It’s been more than a month since Typhoon Haiyan made landfall in the Philippines, claiming the lives of more than 5,600 people and displacing an estimated 4.4 million.
While the devastation may have superseded from the front page, times are still incredibly tough for those on the long road of reconstruction. According to Oxfam International, Haiyan affected the poorest provinces the most — and with 4 out of 10 families in those areas living below the poverty line prior to the disaster — these small-scale agriculture and fishing communities have been pushed to the brink.
Putting together an effort to help out comes across like it was sort of a reflexive decision when speaking with Colin McCarthy and Tyler Modzeleski, the two Grand Rapids artists responsible for orchestrating Art For Water — an exhibition and auction dedicated to raising money for typhoon relief.
With a solid local network of creative minds living and creating in their own neighborhoods, McCarthy and Modzeleski knew there were people around that would be willing to pitch in, it was just a matter of getting everyone together.
“Most of our friends are artists or makers, so when we felt the need to put something together for the typhoon relief, it was pretty clear that we could put together a gallery show with donated work,” McCarthy said.
The event, hosted by The Forest (133 Division Ave. Suite 100) features donated pieces from over 15 artists, many of which are based in the Grand Rapids area. The nonprofit Wine to Water, which provides water filters capable of supplying 295 gallons of water per day, will be matching donations.
Starting at 7 p.m. on Saturday, Dec. 14, Art For Water will feature a silent auction, with 100 percent of the proceeds going toward relief. Other sponsors for the event include Chrome Industries, Regular Coffee Company, Bern Unlimited, Sawyer Products, Burton Snowboard, Bartertown Diner, Stance, RVCA and Boxed Water is Better.
“I’ve been wanting to get artists together and have an open platform for everyone to gather, meet and interact with one another through art,” Modzeleski said. “I think Grand Rapids needs more of that, and I was looking for a way to contribute my art as well as reaching out to some other folks about getting involved with something that could make a difference.”
One such artist whose work McCarthy and Modzeleski both expressed interest in seeing, and even purchasing, was that of Chris Cox. Cox will be contributing a framed 30-by-30 inch photograph from a recent body of work, “Spiritual Lake,” created in late 2012. Additionally, will have an artist book available at auction entitled “Beholder,” which was released Dec. 6 at the Gaspard Gallery in Grand Rapids.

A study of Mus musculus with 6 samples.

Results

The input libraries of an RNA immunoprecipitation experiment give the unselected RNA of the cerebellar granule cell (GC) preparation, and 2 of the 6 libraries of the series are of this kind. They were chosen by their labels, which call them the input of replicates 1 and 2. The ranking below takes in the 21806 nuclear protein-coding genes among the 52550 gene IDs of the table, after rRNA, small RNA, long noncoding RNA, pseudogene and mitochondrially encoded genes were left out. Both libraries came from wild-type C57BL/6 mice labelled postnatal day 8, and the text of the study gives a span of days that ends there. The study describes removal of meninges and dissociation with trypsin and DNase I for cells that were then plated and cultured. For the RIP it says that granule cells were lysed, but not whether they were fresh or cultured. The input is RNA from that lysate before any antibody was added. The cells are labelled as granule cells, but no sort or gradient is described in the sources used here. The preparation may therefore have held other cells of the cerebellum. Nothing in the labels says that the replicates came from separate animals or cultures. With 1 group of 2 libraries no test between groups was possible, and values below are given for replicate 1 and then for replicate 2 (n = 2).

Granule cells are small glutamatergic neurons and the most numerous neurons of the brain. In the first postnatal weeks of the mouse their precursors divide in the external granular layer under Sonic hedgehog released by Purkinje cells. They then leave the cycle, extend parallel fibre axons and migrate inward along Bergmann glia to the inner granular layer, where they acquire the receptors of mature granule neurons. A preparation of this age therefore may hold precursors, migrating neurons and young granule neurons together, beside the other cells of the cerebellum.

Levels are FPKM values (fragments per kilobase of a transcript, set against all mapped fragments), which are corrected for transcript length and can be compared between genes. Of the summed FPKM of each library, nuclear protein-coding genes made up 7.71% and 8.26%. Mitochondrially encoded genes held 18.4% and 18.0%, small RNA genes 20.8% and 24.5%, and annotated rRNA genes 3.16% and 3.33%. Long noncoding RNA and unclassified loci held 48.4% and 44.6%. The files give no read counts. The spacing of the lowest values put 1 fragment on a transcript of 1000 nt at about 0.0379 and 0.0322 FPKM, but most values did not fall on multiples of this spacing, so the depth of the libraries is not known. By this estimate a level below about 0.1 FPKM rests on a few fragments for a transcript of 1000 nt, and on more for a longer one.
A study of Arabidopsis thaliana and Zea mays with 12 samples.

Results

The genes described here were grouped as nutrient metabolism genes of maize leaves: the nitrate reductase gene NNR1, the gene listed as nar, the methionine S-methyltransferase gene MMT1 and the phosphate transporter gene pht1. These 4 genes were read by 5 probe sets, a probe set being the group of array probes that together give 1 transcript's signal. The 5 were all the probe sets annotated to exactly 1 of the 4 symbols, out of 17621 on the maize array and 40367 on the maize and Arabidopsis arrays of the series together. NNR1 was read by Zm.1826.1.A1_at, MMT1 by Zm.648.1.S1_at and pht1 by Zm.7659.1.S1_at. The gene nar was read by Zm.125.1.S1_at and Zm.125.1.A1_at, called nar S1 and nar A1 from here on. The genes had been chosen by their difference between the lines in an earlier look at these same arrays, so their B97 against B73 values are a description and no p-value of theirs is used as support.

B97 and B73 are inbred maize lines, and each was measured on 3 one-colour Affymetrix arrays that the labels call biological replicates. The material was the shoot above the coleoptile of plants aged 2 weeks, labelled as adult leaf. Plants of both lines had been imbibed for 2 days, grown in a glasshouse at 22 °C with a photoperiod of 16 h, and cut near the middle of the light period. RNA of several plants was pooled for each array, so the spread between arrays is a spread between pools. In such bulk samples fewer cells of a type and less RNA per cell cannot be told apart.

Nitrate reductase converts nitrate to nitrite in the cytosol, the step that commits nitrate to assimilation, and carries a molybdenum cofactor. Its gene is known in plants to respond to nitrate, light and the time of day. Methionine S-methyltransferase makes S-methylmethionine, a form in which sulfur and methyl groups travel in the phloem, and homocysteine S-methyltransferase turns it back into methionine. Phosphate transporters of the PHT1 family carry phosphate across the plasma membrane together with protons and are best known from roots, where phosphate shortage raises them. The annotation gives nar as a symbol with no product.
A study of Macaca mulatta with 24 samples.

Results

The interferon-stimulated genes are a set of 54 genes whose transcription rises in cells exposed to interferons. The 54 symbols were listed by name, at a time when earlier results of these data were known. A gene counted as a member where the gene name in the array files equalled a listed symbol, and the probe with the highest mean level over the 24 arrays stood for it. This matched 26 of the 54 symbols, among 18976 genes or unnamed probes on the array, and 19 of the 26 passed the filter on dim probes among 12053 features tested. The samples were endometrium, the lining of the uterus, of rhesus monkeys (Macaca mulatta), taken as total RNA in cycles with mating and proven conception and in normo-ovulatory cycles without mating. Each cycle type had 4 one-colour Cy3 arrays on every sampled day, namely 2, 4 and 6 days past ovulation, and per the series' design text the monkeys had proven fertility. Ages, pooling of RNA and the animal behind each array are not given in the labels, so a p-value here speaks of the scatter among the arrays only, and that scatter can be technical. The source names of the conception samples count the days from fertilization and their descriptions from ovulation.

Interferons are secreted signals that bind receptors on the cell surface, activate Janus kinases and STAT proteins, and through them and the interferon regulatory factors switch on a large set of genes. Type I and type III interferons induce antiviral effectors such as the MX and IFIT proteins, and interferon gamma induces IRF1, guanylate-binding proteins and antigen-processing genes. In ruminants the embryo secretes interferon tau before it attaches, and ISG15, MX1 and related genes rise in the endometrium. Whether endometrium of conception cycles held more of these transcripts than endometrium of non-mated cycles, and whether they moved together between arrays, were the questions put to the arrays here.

“Water is a common theme across many of my works, so this is a nice benefit to contribute to,” Cox said. “Many times it’s hard to get an artwork to match a particular theme but this time it worked out nicely.”
Cox said local artists are almost always looking for an opportunity to showcase their work, and even without getting paid, it’s worth it.
“I’m happy to participate in charity auctions,” Cox said. “It’s nice for a work to get out of storage and go to a good home, especially if the profits are going to a good cause.”
Other artists featuring work in the exhibition include Carson Davis Brown, Mae Stier, Emily Capisciolto, Geoffrey Holstad, Zach Snellenberger, Erik Zimmerman, Nick Lewy, Danny Ward and more. Live music will be provided by local surf/psych outfit Plantains.
There's a tangible sense of hope in the air when McCarthy talks about the local artist community and it’s enthusiasm in pushing forward with events similar to Art For Water.
“I think the Grand Rapids art scene has always been really great about embracing these types of events,” McCarthy said. “Group shows are also always a really fun time for everyone involved. There’s no pressure to fill a whole gallery alone and it’s a really fun way to get to know your peers during (installation).”
Modzeleski agreed, saying that the local art community will continue to work together and gravitate towards these types of shows.
“I think we are all looking for a way to show Grand Rapids that these types of things can continue to happen, and need to. Everyone seems to want to come together for the better.”